I had my lesson observed today. It was by a colleague I like, who ‘gets’ the way I teach, so it wasn’t particularly nerve-wracking, but there’s still that theatre about it. Do you acknowledge the observer’s presence? Do you explain it to the class? Do you include them in discussions and activities?
In the UK, observations are frequent. Any British Council-accredited language school has to observe each teacher once per academic year, and said teacher has to fill out a detailed lesson plan and post-observation reflection.
This is by far the worst part. All the sample lesson plans include phrases like By the end of the class students will be better equipped at recognising compound verb forms and applying them in writing. They are unflinchingly based in explicit teaching, which as I’ve pointed out before, is a terrible way to teach. It’s shocking how completely detached from the scientific method they are, and how pervasive their dogma is. One time while talking to another teacher at a training I commented on the unproven nature of the audiovisual method, and he said, “Well we can’t really know if anything really works”.
Excuse me? Then why are you running expensive teacher training courses? Why are you trusting in the materials that the British Council, Pearson, and Cambridge spit out year after year? Why are you even teaching?
But that comment made one thing very clear: the dominant paradigm of English language teaching has nothing to do with best practices or fulfilling students’ potential. It’s about pushing a Eurocentric and colonialist model of language where English is a glass palace, full of Byzantine passages that students must navigate with the help of brain-melting grammar guides.
And within this model, observations are not about improving teacher ability, but checking whether they toe the party line. You can do a perfectly good class, where there is rapport with the students, where there is plenty of comprehensible input provided, where both students and teachers are having fun, and be docked for ‘not meeting course objectives’ or ‘having an abundance Teacher Talking Time’.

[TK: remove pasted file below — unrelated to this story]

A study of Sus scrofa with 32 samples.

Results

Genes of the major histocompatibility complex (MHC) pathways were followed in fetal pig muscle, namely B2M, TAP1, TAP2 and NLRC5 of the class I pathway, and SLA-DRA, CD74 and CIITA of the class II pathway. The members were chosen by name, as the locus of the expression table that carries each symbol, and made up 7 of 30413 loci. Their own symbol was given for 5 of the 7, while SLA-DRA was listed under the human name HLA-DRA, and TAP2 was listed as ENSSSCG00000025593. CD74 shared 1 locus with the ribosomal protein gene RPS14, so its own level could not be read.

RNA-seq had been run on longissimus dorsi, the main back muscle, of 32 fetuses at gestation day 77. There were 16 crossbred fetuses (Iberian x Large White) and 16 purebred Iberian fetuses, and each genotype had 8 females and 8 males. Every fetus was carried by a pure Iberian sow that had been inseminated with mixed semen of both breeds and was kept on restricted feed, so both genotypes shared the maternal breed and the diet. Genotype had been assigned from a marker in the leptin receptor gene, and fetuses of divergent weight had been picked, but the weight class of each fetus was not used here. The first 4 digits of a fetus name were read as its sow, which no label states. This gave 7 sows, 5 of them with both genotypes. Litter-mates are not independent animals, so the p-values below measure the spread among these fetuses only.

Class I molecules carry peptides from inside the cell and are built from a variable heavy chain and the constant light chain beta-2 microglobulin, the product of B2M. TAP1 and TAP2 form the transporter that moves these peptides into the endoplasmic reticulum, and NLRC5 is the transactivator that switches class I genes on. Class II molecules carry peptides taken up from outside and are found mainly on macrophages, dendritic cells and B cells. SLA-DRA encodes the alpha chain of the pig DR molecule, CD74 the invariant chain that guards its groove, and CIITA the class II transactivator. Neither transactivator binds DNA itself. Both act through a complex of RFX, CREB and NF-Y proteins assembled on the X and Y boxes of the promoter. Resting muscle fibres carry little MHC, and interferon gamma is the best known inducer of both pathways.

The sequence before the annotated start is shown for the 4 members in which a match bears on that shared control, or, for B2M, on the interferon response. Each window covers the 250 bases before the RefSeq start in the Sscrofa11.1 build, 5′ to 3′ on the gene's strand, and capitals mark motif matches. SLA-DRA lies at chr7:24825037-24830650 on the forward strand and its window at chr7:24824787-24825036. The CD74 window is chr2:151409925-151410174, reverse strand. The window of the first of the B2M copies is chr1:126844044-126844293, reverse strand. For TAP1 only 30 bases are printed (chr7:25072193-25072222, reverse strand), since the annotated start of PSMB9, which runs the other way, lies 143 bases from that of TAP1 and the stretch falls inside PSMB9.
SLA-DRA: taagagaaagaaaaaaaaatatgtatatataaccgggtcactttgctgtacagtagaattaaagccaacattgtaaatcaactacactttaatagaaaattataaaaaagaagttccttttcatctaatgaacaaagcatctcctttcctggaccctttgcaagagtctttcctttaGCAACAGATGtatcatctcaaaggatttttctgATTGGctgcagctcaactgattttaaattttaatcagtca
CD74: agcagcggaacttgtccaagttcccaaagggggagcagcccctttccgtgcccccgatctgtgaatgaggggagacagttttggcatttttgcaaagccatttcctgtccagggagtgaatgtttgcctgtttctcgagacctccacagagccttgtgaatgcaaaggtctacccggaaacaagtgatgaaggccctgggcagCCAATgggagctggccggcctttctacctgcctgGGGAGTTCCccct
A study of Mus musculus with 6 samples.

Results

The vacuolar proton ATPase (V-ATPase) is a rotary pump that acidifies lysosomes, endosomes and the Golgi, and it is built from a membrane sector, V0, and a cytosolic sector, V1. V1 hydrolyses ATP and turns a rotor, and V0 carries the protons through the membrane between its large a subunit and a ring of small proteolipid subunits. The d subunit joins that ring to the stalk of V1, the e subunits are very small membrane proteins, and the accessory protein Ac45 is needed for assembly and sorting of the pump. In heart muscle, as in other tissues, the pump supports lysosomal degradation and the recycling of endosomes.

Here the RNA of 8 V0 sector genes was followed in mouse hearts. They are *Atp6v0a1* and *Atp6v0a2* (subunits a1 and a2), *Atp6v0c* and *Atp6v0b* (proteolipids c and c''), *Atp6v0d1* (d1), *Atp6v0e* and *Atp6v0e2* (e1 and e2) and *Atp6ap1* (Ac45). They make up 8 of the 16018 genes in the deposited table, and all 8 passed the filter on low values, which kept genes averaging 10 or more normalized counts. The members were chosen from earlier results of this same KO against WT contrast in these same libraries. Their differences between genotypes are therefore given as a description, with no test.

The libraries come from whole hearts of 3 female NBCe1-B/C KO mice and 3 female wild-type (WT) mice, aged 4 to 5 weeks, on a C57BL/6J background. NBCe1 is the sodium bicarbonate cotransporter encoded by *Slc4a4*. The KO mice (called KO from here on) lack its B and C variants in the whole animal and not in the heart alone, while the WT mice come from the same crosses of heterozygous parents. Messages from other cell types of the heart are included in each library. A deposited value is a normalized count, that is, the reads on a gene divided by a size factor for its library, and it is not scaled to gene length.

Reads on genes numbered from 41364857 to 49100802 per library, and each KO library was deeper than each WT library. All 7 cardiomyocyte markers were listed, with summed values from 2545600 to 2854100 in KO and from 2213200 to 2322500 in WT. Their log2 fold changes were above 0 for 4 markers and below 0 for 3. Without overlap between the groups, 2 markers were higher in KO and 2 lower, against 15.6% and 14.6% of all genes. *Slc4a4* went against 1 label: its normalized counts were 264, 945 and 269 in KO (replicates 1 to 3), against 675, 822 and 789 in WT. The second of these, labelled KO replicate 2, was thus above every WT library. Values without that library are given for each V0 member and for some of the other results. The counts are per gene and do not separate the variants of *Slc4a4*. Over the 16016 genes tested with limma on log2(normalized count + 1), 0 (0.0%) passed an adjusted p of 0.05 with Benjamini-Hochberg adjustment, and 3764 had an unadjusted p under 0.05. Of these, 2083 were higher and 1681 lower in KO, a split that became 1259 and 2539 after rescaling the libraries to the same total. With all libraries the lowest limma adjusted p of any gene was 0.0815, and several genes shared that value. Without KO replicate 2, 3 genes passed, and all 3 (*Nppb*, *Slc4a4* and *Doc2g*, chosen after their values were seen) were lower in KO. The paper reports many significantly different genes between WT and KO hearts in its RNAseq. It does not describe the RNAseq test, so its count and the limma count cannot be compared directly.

When it comes down to it, lesson observations sit on a very particular crux: that lessons should be planned. That improvisation, falling outside of planned time frames, adapting to students on the fly, is a bad thing, or at the very least, a fringe method to be briefly touched upon in teacher training courses but ultimately discarded.
I feel the complete opposite. A teacher who cannot improvise a class is not a teacher. They may be an excellent textbook-user and bureaucrat, but they are not a teacher. And given that languages only really require talking and modulating of input to be successful, they are absolutely not a language teacher.
This may sound arrogant, but we have to draw a line in the sand. If we don’t strive to be better ourselves, the TEFL industry, which is rife with lazy gap-year students, manipulative bosses, and weary dead-enders, will remain just as awful as it is. And the British Council, Pearson, Cambridge and the like will maintain their strangehold on what teaching is and what it is supposed to be.
Teaching is not a list of institutionally approved heuristics that can be neatly observed, like a potted plant in a greenhouse. It is a vibrant, adaptive, joyful burst of morning glory.